The House of Representatives voted this week to cut the salary of Transportation Pete Buttigieg to $1. The move comes less than a year after the cabinet official received considerable criticism over his agency’s response to the train derailment and chemical leak in East Palestine, Ohio.
The move was introduced by Rep. Marjorie Taylor Greene (R-GA), who wrote that “Pothole Pete staged fake bike rides to the White House and used private planes funded by taxpayers to receive awards.”
“Pete Buttigieg doesn’t do his job. It’s all about fake photo ops and taxpayer-funded private jet trip[s] to accept LGBTQ awards for him,” she wrote. “I’m happy my amendment passed, but he doesn’t deserve a single penny.”
The effort passed via a voice vote on Tuesday, with no floor vote taken.
The measure was included as an amendment in a wider Department of Transportation and Department of Housing and Urban Development spending bill.
— Not the Bee (@Not_the_Bee) November 8, 2023
Much of the criticism regarding the 2020 presidential candidate surrounds his agency’s response to the February crash in the small Ohio city.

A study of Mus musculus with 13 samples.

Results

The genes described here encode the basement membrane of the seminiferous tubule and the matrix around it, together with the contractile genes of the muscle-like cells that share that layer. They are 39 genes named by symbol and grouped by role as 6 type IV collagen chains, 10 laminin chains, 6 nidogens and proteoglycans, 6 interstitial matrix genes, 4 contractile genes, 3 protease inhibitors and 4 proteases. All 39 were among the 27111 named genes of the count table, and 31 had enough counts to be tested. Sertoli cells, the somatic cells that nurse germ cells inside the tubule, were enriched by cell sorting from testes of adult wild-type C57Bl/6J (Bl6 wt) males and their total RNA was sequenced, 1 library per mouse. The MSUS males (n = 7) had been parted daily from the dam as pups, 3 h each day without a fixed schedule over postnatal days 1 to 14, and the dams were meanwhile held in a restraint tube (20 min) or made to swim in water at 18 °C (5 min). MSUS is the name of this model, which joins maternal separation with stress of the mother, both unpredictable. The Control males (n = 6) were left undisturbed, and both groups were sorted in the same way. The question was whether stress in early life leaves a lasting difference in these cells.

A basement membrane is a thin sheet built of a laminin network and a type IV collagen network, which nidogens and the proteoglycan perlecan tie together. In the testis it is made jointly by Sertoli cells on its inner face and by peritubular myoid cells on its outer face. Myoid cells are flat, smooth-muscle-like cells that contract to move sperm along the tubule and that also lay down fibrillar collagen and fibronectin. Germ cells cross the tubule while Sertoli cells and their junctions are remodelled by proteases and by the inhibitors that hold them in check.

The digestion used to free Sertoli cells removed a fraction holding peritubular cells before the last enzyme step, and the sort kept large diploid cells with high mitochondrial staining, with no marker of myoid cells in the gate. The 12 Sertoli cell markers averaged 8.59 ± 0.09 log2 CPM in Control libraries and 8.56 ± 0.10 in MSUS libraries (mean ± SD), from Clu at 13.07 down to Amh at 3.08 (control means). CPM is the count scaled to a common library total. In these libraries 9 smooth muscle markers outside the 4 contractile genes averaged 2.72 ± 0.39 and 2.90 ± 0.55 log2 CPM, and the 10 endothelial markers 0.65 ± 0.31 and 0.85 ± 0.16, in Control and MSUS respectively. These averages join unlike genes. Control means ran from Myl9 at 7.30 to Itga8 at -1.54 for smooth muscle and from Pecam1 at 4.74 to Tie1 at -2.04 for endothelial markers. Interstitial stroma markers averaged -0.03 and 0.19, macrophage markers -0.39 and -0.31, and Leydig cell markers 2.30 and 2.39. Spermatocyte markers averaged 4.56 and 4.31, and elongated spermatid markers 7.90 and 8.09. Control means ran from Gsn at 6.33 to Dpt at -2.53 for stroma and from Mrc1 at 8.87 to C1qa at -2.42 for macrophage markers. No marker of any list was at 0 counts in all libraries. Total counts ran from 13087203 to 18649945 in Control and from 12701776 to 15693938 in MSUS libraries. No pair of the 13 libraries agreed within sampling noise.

The crash and leak released dangerous vinyl chloride. Officials burned off the remaining chemicals, which sent a noxious black smoke into the air. Following the derailment, locals reported seeing thousands of dead animals around the affected site.
Buttigieg did not visit East Palestine for several weeks following the incident.
Furthermore, Buttigieg attracted criticism over the Department of Transportation’s response to a number of commercial flight cancellations.
The secretary has also flown on private jets at least 18 times since taking office, which was then investigated by the agency’s inspector general.
One of the flights was to Montreal to accept an award for his “contributions to the advancement of LGBTQ rights.”
One of the most significant criticisms came during negotiations to defuse a possible railroad strike last year.
The secretary went to Portugal on vacation while the Biden administration attempted to prevent the strike. The Department of Transportation called the visit a “long-planned personal trip.”